Academic Sources

Last update on 24/07/2019

Theoretical Framework of Disinformation

AI and Disinformation

  • Konstantinovskiy et al. (2018). Towards automated fact-checking: developing an annotation schema and benchmark for consistent automated claim detection:  This is collaborative project between Full Fact, an independent fact-checking charity, and academic partners.  The work consists of identifying the set of sentences, out of a long text, deemed capable of being fact-checked.
  • Shore, Baek, and Dellarocas (2016). Network structure and patterns of information diversity on Twitter: Considering that users can choose whom to follow, prior research suggests that social media users exist in “echo chambers” or become polarized. The authors seek evidence of this in a complete cross-section of hyperlinks posted on Twitter, using previously validated measures of the political slant of news sources to study information diversity.
  • Ramsay and Robertshaw (2019). Weaponising news RT, Sputnik and targeted disinformation: The report contains three separate analyses of English-language news content published by RT and Sputnik and its implications for news organisations in Western democracies. Together, the analyses comprise a comprehensive analysis of how Russian state-linked news outlets play a variety of roles in different situations, ranging from coordinating damage-control messaging to amplifiers of Russian prestige and aggregators of negative content about Western domestic politics.

Tech Economy

  • McNamee (2019). ‘Zucked – Waking Up to the Facebook Catastrophe‘: The New York Times bestseller about a noted tech venture capitalist, early mentor to Mark Zuckerberg, and Facebook investor, who wakes up to the serious damage Facebook is doing to our society – and sets out to try to stop it.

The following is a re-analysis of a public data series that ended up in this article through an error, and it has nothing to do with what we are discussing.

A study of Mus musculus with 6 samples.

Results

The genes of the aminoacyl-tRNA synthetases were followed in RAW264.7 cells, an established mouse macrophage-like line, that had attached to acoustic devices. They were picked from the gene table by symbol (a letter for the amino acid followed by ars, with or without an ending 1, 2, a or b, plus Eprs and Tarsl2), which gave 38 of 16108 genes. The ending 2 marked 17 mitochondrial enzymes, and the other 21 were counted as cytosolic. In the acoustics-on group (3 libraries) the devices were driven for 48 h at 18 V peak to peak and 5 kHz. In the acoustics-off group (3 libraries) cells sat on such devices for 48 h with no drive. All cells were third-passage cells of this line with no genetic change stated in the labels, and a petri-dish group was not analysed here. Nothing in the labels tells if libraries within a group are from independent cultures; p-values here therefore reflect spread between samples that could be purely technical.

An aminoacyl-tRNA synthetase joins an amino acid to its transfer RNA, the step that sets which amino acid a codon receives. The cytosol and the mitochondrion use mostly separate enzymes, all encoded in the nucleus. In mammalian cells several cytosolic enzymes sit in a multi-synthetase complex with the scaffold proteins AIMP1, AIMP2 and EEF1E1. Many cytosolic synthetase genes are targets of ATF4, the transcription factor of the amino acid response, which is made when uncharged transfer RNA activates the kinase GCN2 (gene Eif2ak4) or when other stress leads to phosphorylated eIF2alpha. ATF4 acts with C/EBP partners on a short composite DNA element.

Other Topics

  • Polyakova and Fried (2019). ‘Democratic Defence Against Disinformation’ for the Atlantic Council: This paper analyses the rapid development of policy responses of governments and social media companies to the challenge of disinformation.
  • Innes (2019). The Internet Research Agency in Europe 2014-2016: This report documents the scale of Russian interference in European democracies, and is evidence of the Kremlin-backed Internet Research Agency’s long-term interest in European politics and elections.
  • Frau-Meigs (2018). Societal costs of fake news in the digital single market, a study requested by the IMCO Committee, European Parliament (PE 626.087): This study explores the mechanisms of “fake news” and their societal costs in the Digital Single Market. It describes the risks to the integrity of information and to the integrity of elections. It highlights the roles of the various actors involved in the production and amplification of such information disorders. Finally, it outlines responses that are being tested in different parts of Europe to deal with the issue.
  • EU DisinfoLab for the European Parliamentary Research Service (2019). Automated tackling of disinformation: This study maps and analyses current and future threats from online misinformation, alongside currently adopted socio-technical and legal approaches. The challenges of evaluating their effectiveness and practical adoption are also discussed. Drawing on and complementing existing literature, the study summarises and analyses the findings of relevant journalistic and scientific studies and policy reports in relation to detecting, containing and countering online disinformation and propaganda campaigns. It traces recent developments and trends and identifies significant new or emerging challenges. It also addresses potential policy implications for the EU of current socio-technical solutions.
  • Valenzuela et al. (2019). The Paradox of Participation Versus Misinformation: Social Media, Political Engagement, and the Spread of Misinformation’‘ In this study, the authors argue that the effects of informational uses of social media on political participation are inextricable from its effects on misinformation sharing.
  • Institut Montaigne (2019). MEDIA POLARIZATION ‘À LA FRANÇAISE’? Comparing the French and American Ecosystems: This is a comparative analysis of the French and American ecosystems and the polarisation of their media. The report notes that the polarisation of the French media space is less aligned with political actors than that of American media, due to the multiplicity of political actors in France.